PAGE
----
14th December 2015, by Dr. Daniel Leidner

Moving forward with SUPVIS Justin

We have been very busy in the last months developing the SOLEX environment as we moved to our proving grounds into the DLR Robotics and Mechatronics Center’s new building.

We are working hard to further develop our robot control infrastructure to meet the requirements for the upcoming SUPVIS Justin experiment. As we show in the figure above, our team has begun the implementation and testing of our concept of maintaining the SOLEX solar panel units with the supervised autonomy control employed on Rollin’ Justin.

Meanwhile, several members of our team are now busy with another exciting space telerobotics project at DLR: the Kontur-2 experiments. On this Thursday, December 17, the Kontur-2 team will attempt, to let a person in space to shake hands with a human on the ground 400km below using a humanoid avatar. Cosmonaut Oleg Kononenko will perform a telehandshake using the multi-DOF force-reflection DLR Kontur-2 joystick on board the ISS. He will command the high-dexterity DLR humanoid robot Justin on earth, to telehandshake with a person on the ground. This will be a first in space telerobotics, where a human in space using a multi-DOF haptic device will control a high dexterity humanoid robot on the planetary surface to interact with another human, with haptic feedback. The Kontur-2 team hopes to show that with high-dexterity on both ends of the telerobotics chain (human operator with a haptic HMI and robot avatar), we can help advance the ability of the robot to help the human race to explore deeper, and safer, into space.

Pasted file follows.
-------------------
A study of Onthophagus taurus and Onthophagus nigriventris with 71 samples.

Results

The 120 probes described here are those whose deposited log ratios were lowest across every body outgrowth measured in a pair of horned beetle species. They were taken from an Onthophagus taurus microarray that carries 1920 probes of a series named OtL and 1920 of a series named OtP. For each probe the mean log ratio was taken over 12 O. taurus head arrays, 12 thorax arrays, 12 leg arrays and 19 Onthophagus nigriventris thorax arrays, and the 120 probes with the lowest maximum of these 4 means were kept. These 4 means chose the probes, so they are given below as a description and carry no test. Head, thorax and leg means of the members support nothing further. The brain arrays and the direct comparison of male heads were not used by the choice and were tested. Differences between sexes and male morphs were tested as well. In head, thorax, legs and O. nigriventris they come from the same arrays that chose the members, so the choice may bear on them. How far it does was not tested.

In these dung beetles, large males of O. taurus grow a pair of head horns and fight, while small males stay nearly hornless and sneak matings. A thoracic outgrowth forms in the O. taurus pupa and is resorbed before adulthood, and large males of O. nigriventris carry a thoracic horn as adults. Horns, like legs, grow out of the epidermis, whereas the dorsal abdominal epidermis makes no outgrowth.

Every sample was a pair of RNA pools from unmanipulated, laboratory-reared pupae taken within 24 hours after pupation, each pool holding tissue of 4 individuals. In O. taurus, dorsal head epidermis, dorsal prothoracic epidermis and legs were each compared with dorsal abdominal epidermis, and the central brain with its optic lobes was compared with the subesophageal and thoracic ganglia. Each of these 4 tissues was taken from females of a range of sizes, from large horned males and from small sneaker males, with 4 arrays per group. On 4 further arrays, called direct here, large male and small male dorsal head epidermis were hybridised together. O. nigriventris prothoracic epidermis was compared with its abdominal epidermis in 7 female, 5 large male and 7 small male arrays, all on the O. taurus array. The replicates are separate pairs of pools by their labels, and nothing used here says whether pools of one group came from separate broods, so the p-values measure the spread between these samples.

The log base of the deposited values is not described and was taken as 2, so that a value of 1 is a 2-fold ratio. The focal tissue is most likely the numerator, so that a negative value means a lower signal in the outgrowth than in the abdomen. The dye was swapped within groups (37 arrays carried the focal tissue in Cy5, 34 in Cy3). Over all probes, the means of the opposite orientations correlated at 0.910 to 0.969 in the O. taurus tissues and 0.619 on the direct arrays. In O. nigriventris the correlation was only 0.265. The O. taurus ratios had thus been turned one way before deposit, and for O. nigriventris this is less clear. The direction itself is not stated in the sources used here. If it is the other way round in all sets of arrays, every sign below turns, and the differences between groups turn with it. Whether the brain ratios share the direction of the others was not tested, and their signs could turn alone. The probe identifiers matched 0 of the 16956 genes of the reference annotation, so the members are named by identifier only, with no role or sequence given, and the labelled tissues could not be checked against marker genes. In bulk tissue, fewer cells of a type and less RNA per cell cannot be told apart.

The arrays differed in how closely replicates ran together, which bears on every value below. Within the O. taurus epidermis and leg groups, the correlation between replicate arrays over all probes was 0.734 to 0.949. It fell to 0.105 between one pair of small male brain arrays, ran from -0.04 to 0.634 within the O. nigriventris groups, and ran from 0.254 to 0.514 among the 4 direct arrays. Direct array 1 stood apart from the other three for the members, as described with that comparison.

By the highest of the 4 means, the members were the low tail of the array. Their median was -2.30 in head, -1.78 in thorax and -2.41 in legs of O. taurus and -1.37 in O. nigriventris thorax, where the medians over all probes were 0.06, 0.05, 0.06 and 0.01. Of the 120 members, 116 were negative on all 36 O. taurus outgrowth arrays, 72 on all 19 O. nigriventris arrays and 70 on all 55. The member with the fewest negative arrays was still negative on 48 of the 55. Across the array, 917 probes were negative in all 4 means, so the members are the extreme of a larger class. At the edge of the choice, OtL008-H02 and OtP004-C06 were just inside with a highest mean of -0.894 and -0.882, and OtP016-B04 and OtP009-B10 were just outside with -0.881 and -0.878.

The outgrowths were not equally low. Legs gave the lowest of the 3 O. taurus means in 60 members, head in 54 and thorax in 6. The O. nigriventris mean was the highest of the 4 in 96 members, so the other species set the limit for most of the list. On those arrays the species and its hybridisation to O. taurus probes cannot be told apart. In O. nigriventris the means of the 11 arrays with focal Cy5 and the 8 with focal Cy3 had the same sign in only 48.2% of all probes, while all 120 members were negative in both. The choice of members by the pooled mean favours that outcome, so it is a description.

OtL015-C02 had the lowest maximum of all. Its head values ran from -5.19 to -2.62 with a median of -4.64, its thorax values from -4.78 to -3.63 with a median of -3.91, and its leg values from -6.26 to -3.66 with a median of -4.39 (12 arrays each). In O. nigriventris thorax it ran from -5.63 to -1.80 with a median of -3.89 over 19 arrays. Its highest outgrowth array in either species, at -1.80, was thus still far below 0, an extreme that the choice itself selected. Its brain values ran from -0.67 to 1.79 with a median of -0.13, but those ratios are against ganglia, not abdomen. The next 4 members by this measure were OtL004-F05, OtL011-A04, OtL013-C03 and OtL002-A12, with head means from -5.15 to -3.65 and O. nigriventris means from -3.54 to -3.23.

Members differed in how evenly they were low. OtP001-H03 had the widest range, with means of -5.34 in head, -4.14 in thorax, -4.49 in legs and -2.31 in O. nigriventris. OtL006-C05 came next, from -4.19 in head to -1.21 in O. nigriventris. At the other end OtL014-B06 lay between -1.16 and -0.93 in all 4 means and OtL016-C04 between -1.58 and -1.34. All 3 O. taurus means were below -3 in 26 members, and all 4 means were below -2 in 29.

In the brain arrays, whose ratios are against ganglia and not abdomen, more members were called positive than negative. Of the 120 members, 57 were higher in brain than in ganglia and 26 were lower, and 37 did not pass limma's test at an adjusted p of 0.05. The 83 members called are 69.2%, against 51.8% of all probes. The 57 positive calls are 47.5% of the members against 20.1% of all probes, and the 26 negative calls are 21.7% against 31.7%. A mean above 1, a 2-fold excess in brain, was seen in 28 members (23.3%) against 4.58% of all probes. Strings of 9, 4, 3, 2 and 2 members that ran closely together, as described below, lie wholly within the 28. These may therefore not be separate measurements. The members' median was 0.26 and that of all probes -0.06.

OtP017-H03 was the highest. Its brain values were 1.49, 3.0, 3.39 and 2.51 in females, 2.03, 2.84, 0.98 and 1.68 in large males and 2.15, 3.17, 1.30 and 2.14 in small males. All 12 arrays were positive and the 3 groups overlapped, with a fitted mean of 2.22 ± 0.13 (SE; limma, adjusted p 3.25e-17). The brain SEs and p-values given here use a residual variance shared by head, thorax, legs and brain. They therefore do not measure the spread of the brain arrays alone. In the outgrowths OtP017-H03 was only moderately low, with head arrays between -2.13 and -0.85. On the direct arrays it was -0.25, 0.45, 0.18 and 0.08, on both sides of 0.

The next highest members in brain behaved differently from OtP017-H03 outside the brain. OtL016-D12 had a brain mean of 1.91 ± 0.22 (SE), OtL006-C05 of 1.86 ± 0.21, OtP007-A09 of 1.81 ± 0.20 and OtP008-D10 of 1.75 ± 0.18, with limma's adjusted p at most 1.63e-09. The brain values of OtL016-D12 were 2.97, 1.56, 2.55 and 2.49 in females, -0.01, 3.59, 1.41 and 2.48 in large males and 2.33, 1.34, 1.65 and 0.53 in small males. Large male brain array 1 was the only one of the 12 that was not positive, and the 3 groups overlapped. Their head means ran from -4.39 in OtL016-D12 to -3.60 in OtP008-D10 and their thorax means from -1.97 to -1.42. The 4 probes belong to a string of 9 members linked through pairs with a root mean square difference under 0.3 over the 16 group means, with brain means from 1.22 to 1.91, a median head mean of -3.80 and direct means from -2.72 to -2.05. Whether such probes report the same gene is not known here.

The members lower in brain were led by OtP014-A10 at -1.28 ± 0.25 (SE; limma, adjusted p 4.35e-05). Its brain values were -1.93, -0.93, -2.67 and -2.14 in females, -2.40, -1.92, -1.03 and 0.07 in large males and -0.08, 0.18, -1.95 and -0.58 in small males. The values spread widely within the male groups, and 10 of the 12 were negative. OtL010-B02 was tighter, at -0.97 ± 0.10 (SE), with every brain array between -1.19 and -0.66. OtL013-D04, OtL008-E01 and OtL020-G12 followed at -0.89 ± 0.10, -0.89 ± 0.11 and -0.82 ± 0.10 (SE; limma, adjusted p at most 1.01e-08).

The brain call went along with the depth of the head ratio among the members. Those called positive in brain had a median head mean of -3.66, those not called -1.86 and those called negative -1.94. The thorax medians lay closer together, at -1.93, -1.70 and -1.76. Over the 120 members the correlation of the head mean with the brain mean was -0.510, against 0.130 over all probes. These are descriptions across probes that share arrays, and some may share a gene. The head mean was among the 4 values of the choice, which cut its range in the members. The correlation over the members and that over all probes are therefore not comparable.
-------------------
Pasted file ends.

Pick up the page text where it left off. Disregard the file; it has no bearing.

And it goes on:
SUPVIS Justin’s principal investigator, Dr. Neal Y. Lii , will present the flurry of results and ongoing progress from both Kontur-2 and SUPVIS Justin this Wednesday, December 16, at the International Symposium on Moon 2020-2030 at the European Space Agency in the Netherlands. He will be talking about the various space telerobotics projects at DLR, past present and future. Dr. Lii will discuss with the space community about how to best utilize different formats of telerobotics, from using the robot as a an extension of the human in the form of telepresence, to the robot as a coworker that responds to human command, in the form of supervised autonomy.